Revolver Tour #15: Ruger SP101 Wiley Clapp

Ruger SP101 Wiley Clapp

True statement: the Ruger SP101 is the only small frame revolver that I’ll voluntarily shoot any volume of heavy magnum ammo out of. Like all Ruger revolvers, it embraces over-engineering as a good thing, and while I wouldn’t call it “pleasant” to shoot with hot ammo, it’s certainly more fun to shoot than anything else in its size class.

The SP101 was introduced the same year as Taylor Swift was born, which was also the same year that the excellent first Micheal Keaton Batman movie and Indiana Jones and the Last Crusade came out. Since then, it’s been offered in a plethora of barrel lengths and calibers, including 9mm, .32 Magnum, and the ill-fated .327 Federal. As a brief side note, I really thought .327 Federal was a cool idea – squeezing an extra round into a GP100 or a SP101 made so much sense to me, and the .327 (or even the .32 Magnum) doesn’t really give up that much in ballistics to the .38 Special. In fact, a good .32 Magnum with a proper JHP would probably be a better choice than a lot of .38s, but that’s another post.

Ruger SP101 Wiley Clapp cylinder open

Recently, there has been a small, but noticeable uptick in demand for better shooting six-guns. Guns with better sights, designed from the ground up for competition or concealed carry. Both Ruger and S&W have filled this niche with guns, Ruger’s offering in the CCW department have come in the form of Wiley Clapp special editions, named after the gunwriter who collaborated on their design. The hallmark features of the SP101 WC are the sights. Fixed Novak sights with a blacked out rear and a brass bead front to gather light make the gun a lot easier to shoot well than the standard gutter sights you’d get on most SP101s. The revolver also comes with nicely checkered Ruger grip panel inserts in the rubber grip.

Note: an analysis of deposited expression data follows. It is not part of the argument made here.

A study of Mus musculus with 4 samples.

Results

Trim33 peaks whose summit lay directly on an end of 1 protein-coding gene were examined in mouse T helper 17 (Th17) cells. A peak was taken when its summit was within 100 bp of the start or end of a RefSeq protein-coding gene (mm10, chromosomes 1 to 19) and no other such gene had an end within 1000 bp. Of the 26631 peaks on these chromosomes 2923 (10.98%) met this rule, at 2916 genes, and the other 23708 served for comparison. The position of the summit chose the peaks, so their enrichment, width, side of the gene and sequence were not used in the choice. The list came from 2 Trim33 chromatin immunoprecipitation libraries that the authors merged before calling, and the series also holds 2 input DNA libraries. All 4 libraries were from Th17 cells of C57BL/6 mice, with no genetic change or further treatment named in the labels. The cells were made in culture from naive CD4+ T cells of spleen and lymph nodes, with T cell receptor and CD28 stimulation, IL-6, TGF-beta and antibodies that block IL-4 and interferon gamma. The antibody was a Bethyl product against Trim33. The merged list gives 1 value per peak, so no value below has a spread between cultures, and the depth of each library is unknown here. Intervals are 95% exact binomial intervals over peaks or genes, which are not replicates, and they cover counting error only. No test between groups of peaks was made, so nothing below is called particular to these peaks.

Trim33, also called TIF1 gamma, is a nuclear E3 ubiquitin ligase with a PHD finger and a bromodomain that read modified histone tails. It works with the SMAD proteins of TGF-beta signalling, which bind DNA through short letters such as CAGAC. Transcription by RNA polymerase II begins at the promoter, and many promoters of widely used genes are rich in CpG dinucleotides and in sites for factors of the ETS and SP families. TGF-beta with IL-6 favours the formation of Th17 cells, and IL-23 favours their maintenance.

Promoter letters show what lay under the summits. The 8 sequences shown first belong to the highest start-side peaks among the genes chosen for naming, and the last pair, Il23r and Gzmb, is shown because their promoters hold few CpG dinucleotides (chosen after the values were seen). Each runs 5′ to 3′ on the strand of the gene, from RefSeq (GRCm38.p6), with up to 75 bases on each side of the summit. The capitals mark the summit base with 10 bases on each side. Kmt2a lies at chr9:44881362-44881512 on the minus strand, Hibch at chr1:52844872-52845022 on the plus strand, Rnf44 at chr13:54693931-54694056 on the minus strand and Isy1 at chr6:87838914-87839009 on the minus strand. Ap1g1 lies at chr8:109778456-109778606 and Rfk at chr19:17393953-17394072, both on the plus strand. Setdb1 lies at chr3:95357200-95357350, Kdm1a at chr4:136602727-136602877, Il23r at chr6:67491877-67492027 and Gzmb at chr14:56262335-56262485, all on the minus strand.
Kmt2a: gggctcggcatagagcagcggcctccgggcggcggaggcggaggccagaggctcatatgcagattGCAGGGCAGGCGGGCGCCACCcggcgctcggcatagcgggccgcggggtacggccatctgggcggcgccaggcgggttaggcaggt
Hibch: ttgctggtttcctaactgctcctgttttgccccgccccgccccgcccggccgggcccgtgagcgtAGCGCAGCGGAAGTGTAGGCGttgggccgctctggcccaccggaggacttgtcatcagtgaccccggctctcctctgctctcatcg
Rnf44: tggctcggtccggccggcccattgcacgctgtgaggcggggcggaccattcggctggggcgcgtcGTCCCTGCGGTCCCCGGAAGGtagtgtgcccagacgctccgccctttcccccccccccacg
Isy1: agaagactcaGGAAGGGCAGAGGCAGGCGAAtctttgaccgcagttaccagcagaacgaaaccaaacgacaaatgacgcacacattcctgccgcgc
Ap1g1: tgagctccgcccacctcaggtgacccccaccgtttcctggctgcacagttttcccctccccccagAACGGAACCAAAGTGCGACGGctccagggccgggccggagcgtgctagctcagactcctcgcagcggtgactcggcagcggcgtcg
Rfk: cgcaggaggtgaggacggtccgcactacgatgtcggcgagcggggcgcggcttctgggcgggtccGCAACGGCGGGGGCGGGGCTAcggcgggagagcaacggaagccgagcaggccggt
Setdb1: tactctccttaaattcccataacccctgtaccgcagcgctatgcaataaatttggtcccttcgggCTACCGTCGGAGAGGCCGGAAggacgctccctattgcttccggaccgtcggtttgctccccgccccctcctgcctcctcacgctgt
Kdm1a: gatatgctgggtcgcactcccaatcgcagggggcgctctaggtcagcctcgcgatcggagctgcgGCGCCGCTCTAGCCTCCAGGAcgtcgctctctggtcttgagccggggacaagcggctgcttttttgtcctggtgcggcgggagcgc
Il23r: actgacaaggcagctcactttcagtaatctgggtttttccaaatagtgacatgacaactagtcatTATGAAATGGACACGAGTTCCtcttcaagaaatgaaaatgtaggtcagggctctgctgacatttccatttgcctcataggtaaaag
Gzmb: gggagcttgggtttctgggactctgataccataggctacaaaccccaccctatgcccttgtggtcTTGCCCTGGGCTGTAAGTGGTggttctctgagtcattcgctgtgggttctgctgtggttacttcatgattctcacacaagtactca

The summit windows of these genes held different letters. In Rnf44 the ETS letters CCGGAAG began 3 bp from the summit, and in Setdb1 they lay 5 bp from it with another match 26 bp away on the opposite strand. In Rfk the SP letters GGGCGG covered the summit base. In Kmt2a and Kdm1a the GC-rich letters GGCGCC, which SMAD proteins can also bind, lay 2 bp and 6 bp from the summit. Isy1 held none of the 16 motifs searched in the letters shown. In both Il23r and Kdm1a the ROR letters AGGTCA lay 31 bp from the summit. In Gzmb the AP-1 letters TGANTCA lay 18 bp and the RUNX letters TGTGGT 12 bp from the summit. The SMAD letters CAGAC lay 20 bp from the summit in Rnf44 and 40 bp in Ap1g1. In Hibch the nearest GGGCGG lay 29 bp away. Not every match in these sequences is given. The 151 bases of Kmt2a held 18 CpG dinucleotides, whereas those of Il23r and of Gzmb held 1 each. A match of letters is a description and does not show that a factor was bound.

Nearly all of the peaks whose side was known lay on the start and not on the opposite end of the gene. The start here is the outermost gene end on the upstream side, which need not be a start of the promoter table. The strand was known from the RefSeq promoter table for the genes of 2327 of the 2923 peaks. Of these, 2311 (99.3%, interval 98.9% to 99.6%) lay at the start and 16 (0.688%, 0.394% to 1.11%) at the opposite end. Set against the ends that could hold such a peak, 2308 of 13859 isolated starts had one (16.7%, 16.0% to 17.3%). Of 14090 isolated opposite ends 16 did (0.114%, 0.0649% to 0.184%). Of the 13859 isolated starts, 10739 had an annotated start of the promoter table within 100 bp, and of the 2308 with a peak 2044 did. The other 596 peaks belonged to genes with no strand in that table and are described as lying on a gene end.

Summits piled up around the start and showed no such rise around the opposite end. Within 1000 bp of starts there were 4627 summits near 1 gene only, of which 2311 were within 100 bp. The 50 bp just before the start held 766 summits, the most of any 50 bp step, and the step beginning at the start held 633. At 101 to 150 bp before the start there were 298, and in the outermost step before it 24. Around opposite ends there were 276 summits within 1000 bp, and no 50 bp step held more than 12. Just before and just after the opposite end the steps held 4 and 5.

Other than that, it is basically the same as every other 2 inch SP101 on the market. The trigger is heavy and long, the gun weighs a ton, and if you run out of ammo you can use it as a much more effective club than any Glock 26 on the planet. There’s a certain amount of menace that the gun carries with it though – it’s a welterweight boxer that can punch above his weight class. It’s a serious gun, designed to be loaded with hot defensive ammo, and emptied into an attacker at close range. The short snout coupled with the stainless finish completes the gun’s threatening aura. If it could talk, it would probably say “get off my lawn.”


  1. For me the standard hogues with the finger grooves belt sanded off was the ticket for hot loads. Those wood panel grips look nice but just didn’t work for me.

  2. It’s a great looking gun, but I’ve got six shooters that weigh less than it, and 5-shooters that weigh half what it does. Still if it had a decent trigger I’d get one, but it doesn’t.

  3. I too, wish the .327 Fed was still rising in popularity. And that I had bought some guns chambered for it.

  4. In form, if not in function, J-frames are thoroughbreds, and SP101s are Clydesdales (or at least Percherons). The SP101 feels much more . . . serious than a J-frame.